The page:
Ruth Seymour, Former KCRW General Manager and Public Radio Pioneer, Dies at 88

Ruth Seymour, a pioneering figure in public radio who led KCRW for many years until her retirement in 2010, died Friday in Santa Monica after a long illness. She was 88.

After serving as program director at KPFK, Seymour joined KCRW in 1977 and was instrumental in transforming the station from a small college radio station to an influential national radio powerhouse.

Under her leadership, KCRW expanded into an eclectic and innovative format of news, talk, music, current affairs and cultural programming. It was also one of the early stations to adopt streaming online, which made KCRW known around the world

KCRW’s President Jennifer Ferro said in a statement, “Ruth was singular in every way. She had a powerful vision that never wavered. There was a spirit in Ruth that no one else has. She didn’t just save NPR or create a new format — Ruth took chances and made decisions because she knew they were right. She trusted her gut. She broke rules and pursued excellence in ways that can’t easily be explained. She was a force of nature. Ruth’s legacy lives on at KCRW. She inspires us to be original, to host the smartest people, the most creative artists and to talk to our audience with the utmost respect for their intellect.”

Actor/comedian/voiceover artist Harry Shearer, whose “Le Show” aired for decades on KCRW, said, “Ruth was a towering figure in public radio, embracing a breadth of subject matter and styles that, frankly, does not seem possible any more. She imagined a listener who was endlessly curious, open to a wide range of opinions and musics, and worked tirelessly to satisfy that listener.”

NPR Special Correspondent Susan Stamberg, one of the “Founding Mothers” of NPR remembered, “Ruth was one of the great pioneers of public radio — at her station as well as in the NPR firmament. My favorite mental image of Ruth was during the first war in Iraq. She put on a radiothon to raise money to send NPR correspondents to cover it (the great Anne Garrels and others). And to make her on-air pitches, she wore camouflage and combat boots!”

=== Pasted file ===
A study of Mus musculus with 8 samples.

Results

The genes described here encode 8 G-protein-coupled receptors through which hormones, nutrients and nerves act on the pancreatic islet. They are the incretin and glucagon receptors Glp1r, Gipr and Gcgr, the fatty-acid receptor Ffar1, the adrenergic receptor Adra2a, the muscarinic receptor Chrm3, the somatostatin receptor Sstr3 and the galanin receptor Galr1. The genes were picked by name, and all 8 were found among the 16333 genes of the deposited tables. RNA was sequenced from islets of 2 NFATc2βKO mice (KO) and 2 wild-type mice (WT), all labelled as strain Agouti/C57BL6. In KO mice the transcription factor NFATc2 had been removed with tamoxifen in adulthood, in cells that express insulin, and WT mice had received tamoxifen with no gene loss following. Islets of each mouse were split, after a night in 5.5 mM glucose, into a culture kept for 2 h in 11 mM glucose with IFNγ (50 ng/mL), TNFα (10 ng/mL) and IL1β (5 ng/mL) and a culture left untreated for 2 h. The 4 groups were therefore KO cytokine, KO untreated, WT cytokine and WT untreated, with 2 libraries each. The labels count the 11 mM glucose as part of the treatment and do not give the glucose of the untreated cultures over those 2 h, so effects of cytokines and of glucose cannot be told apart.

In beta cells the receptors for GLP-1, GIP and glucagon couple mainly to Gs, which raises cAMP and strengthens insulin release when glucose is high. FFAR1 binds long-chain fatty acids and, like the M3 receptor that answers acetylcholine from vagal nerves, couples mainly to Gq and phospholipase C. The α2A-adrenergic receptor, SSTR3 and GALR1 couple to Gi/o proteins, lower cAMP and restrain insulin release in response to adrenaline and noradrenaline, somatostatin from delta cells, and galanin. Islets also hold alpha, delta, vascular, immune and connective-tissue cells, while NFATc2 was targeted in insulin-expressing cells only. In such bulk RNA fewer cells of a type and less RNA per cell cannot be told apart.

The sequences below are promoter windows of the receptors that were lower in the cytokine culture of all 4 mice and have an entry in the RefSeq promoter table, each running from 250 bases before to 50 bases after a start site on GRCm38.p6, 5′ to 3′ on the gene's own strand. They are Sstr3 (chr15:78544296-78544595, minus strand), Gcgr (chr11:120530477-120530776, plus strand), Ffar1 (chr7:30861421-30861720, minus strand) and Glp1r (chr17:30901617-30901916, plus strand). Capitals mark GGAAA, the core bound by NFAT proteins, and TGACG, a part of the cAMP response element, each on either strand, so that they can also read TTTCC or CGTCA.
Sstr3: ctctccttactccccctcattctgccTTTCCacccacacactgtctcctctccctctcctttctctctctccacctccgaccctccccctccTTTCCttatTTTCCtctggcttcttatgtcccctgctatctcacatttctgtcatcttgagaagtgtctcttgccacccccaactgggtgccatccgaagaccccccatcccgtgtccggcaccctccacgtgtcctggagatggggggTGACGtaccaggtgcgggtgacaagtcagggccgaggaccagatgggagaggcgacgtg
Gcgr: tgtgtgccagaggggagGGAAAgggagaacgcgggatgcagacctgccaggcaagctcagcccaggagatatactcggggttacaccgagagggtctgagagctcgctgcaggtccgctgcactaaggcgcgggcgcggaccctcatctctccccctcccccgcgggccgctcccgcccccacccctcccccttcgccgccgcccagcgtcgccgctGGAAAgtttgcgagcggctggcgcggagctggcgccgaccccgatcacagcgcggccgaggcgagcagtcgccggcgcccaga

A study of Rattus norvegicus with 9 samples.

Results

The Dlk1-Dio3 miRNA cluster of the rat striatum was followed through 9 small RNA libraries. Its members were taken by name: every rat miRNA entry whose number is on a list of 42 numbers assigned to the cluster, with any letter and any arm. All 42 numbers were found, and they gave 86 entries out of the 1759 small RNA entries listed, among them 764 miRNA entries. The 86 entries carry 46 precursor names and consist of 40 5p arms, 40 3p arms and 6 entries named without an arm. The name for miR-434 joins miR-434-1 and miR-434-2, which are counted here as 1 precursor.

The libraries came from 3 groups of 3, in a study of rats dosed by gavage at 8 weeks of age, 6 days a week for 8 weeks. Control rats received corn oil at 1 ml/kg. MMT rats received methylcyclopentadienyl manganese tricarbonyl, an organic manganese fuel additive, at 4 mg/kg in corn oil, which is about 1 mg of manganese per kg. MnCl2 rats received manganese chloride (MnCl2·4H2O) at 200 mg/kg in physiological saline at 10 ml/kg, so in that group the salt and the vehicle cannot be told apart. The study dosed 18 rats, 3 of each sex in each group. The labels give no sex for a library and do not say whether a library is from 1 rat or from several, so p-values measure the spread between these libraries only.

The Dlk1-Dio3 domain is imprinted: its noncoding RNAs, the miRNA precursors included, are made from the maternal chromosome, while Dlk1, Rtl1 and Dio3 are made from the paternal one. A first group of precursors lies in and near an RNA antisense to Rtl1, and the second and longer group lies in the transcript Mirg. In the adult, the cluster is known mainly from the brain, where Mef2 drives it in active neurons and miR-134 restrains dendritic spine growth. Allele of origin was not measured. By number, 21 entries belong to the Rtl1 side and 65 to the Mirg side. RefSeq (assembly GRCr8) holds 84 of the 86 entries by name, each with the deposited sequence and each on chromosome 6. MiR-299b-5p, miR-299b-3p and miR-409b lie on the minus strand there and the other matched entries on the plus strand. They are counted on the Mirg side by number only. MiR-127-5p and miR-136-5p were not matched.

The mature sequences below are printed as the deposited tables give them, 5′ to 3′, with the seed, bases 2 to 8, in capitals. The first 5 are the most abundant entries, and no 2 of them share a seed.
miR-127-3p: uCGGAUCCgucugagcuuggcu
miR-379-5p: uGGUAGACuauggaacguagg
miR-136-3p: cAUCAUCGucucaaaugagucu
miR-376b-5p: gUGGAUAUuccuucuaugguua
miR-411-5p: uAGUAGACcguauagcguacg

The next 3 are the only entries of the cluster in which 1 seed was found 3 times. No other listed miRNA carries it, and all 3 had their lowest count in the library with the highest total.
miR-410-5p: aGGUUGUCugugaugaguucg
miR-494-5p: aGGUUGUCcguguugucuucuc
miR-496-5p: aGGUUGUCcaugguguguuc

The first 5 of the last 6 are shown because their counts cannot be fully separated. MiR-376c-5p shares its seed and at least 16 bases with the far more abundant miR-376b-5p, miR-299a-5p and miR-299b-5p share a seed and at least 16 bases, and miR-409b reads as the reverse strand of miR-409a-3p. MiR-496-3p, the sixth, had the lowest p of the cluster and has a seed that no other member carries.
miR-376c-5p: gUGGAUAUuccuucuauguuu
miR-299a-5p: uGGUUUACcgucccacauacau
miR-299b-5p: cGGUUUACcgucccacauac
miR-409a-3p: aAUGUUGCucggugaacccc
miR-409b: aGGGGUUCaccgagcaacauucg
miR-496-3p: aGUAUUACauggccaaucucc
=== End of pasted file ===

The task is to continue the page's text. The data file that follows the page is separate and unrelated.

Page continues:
Among the programs started during her tenure was “Which Way, L.A.” with Warren Olney, as well as political roundtable “Left, Right & Center.”

Known in Washington, D.C. as a fierce defender of public broadcasting funding and issues such as licensing and royalties for streaming, Seymour also advocated for the 2008 municipal bond that built the station’s first stand-alone building, located on the campus of SMC’s Center for Media and Design.

She also presided over the growth of music show “Morning Becomes Eclectic,” and was the first to air Ira Glass’ “This American Life.” She gave radio dramatist Joe Frank a creative home, and offered iconoclast Harry Shearer a weekly hour to do anything he wanted on “Le Show.”

Seymour started her radio career in 1961 at KPFK Los Angeles, becoming program director in 1971. After receiving and broadcasting the Patty Hearst-SLA (Symbionese Liberation Army) cassette, station manager Will Lewis refused to hand it over, and Ms. Seymour broadcast the FBI and LAPD raid to retrieve it live on air. The tape was never located; Lewis spent 16 days in a federal jail, ultimately released by Justice William Douglas on First Amendment grounds.

Her honors included Amnesty International’s Media Spotlight Award in 1997, and honorary doctorates from two universities.

Born Ruth Epstein in the South Bronx, she studied with Yiddish scholar Max Weinreich and attended City College of New York. She married poet Jack Hirschman, and after their divorce adopted an Anglicized version of her great-grandfather’s name.

She is survived by her daughter Celia Hirschman, her sister and brother-in-law Ann and Richard Zimmer and their children Jessica and Daniel and her cousins Anita Getzler and Greg Epstein.